Saturday, June 12, 2010

The Split Rail Vineyard

When Stefania and I first started making wine we really wanted to make a Syarh. It's a grape both of us enjoy a great deal and we probably buy more Syrah than any other type of wine. In 2004 and 2005 I searched the Santa Cruz Mountains and Santa Clara Valley for a good source of grapes. I kept running into roadblocks. I rejected many vineyards I checked on. Either the farming was not to our very high standards or the location wouldn't yield the type of balance we were after.

When I did find a vineyard I liked I kept hearing the same thing; "We don't have any grapes for sale." That eventually lead us outside of the area and to Eaglepoint Ranch, which offered the high level of farming we demand and a great mountain location that would give us balanced complex fruit. I've kept my ears open though and kept exploring locally for a good Syrah source.

Last year our friend Ian Brand let me know he had taken over a small Syrah vineyard and I was welcome to buy the fruit if I'd like. I knew Ian's farming would be high quality, and the location promised great fruit. We took it last year as an experiment. If we were not happy with the way the wine was going, I could use it in the Haut Tubee or sell it off.

Well we've been very happy, and everyone who has tried the wine from barrel has loved it. This morning Stef and I were out of the house early to meet with Ian at the Vineyard and check on progress. We would have to drive over to Santa Cruz, so on this hot sunny day we needed to be on the road before 8 AM to avoid the bumper to bumper beach traffic that would happen later in the morning.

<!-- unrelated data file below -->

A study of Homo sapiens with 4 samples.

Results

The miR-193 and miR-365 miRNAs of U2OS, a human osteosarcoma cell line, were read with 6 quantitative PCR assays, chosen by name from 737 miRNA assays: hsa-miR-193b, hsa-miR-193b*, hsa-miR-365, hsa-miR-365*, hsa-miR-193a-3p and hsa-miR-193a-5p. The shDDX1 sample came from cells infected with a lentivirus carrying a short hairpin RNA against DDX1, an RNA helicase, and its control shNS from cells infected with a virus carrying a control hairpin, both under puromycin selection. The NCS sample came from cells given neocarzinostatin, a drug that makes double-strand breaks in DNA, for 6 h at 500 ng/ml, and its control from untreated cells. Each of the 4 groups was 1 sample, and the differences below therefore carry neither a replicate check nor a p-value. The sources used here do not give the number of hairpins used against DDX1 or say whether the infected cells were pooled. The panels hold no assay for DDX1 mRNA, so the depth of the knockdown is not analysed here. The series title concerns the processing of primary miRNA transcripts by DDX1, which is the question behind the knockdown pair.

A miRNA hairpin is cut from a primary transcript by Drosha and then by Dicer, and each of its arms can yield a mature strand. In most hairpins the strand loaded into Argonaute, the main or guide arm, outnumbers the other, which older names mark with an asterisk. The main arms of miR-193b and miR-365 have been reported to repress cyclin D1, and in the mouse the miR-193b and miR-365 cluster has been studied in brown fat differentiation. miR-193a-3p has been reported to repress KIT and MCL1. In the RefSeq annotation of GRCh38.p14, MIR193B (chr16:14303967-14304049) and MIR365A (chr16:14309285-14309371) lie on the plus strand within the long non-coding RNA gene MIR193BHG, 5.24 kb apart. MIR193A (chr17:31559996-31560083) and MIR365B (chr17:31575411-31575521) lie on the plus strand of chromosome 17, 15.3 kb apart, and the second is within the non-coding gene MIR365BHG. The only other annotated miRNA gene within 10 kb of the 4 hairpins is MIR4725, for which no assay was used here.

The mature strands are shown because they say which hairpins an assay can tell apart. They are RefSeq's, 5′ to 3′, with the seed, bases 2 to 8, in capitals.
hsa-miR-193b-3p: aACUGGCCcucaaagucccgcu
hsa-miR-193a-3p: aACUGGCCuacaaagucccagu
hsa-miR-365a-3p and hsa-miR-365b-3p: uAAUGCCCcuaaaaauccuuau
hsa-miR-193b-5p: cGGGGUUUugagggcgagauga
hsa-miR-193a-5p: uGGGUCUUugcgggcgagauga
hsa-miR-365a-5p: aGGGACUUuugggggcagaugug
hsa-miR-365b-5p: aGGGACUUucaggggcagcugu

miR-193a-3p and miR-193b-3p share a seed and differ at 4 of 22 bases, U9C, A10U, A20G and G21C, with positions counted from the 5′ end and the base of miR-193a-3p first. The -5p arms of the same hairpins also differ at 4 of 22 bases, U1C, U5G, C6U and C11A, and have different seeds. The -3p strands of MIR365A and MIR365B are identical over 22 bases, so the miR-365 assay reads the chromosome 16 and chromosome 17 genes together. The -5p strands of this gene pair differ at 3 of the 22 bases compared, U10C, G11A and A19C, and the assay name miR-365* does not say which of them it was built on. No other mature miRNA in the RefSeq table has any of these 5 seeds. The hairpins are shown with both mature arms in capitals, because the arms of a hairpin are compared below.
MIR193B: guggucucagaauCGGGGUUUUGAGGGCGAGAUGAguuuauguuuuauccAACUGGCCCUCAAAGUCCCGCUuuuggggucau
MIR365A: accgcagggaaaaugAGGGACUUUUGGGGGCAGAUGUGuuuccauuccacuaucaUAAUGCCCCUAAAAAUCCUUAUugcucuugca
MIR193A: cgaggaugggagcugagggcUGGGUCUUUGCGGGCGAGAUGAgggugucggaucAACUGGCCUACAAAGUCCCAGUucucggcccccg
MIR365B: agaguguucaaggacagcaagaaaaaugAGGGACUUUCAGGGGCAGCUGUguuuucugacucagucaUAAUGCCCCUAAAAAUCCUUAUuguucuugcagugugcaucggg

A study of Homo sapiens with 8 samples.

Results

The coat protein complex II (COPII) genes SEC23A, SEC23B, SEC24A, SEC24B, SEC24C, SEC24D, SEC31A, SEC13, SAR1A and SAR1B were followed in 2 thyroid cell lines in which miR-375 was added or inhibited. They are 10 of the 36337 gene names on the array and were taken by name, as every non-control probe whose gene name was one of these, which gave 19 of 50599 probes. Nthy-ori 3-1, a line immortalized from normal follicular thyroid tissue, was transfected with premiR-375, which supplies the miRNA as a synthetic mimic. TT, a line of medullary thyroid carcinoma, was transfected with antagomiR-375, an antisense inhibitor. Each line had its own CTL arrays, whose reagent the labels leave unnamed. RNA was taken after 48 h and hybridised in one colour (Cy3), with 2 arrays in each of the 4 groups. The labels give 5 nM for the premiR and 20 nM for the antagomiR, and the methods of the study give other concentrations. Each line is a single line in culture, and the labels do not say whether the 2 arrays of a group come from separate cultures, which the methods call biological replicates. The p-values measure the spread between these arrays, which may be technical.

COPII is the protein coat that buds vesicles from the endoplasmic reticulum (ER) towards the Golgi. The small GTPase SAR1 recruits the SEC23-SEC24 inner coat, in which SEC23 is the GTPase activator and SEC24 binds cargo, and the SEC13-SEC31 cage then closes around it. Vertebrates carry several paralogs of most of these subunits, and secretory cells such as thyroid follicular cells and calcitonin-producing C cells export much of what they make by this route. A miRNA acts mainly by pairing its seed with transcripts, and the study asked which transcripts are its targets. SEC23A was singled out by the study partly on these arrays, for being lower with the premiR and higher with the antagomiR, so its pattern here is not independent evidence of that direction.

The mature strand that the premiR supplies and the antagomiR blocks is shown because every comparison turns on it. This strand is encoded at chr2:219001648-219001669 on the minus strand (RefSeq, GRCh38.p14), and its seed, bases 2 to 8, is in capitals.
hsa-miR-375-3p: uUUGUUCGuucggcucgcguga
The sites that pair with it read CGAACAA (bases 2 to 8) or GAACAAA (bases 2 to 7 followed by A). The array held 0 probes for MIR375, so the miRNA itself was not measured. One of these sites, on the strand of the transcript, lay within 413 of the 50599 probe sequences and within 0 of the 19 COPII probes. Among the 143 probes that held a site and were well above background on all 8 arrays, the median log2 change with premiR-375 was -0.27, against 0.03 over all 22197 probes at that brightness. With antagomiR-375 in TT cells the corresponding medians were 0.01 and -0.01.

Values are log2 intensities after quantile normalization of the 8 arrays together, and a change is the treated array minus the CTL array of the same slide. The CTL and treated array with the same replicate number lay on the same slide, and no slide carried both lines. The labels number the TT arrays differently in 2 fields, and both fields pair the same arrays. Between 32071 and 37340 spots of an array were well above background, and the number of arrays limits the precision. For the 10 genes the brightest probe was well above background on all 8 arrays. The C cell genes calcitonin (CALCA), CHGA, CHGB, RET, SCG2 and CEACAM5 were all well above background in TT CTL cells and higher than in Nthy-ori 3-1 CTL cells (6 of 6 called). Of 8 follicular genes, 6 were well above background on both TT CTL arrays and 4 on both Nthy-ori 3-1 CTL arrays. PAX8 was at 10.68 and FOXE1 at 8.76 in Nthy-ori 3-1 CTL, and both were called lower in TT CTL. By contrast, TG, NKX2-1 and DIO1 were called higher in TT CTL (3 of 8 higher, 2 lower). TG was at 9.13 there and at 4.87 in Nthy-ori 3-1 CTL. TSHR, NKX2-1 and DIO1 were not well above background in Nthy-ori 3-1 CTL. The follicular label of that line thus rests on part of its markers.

We arrived on site right at 9AM. Located high on the western slope of the Santa Cruz Mountains, the vineyard was once a source for David Bruce's Chardonnay. Ten years ago it was grafted over to Syrah. The vines are over 20 years old. This is the view from the edge of the vineyard looking out at Aptos and the Monterey Bay.

Ian wanted to check that he'd done everything as I'd asked for this season. First I asked him to prune to our regular two shoots per spur 8-10 inches between spur protocol. That means yield in this vineyard will drop to about 1 1/2 tons per acre, but I offered to pay him by the acre rather than by the ton.

The vineyard is also dry farmed, no added water and the ground is not plowed as we do in our other vineyards. All of these things reduce yield and increase the flavor in the remaining grapes. I also like the increased air flow our pruning does, which reduces mildew pressure and means fewer treatments. There is also an increase in sun on the fruit clusters which helps get the grapes through the citrus flavor stages and to the flavors of berries, plums and cherries.

The entire vineyard is surrounded by hand split redwood rails produced on the property. That's where the name comes from 'Split Rail Vineyard'. Our production from this site will be very small. We will have just 50 cases of the 2009, and are expecting only 50-100 on average each year. It does finally give us a high quality Syrah location close to home though, and we're very excited by this vineyard.

After our visit we stopped for breakfast at a local coffee shop then headed across the parking lot to a Goodwill store. I get asked often on my preference for decanters and my answer is 'cheap'. All you really need is a container with a hole on the top. Jerry Anderson likes to use a Mason jar. I prefer to check the glass section at Goodwill stores. This 1070's era ship decanter set me back $7.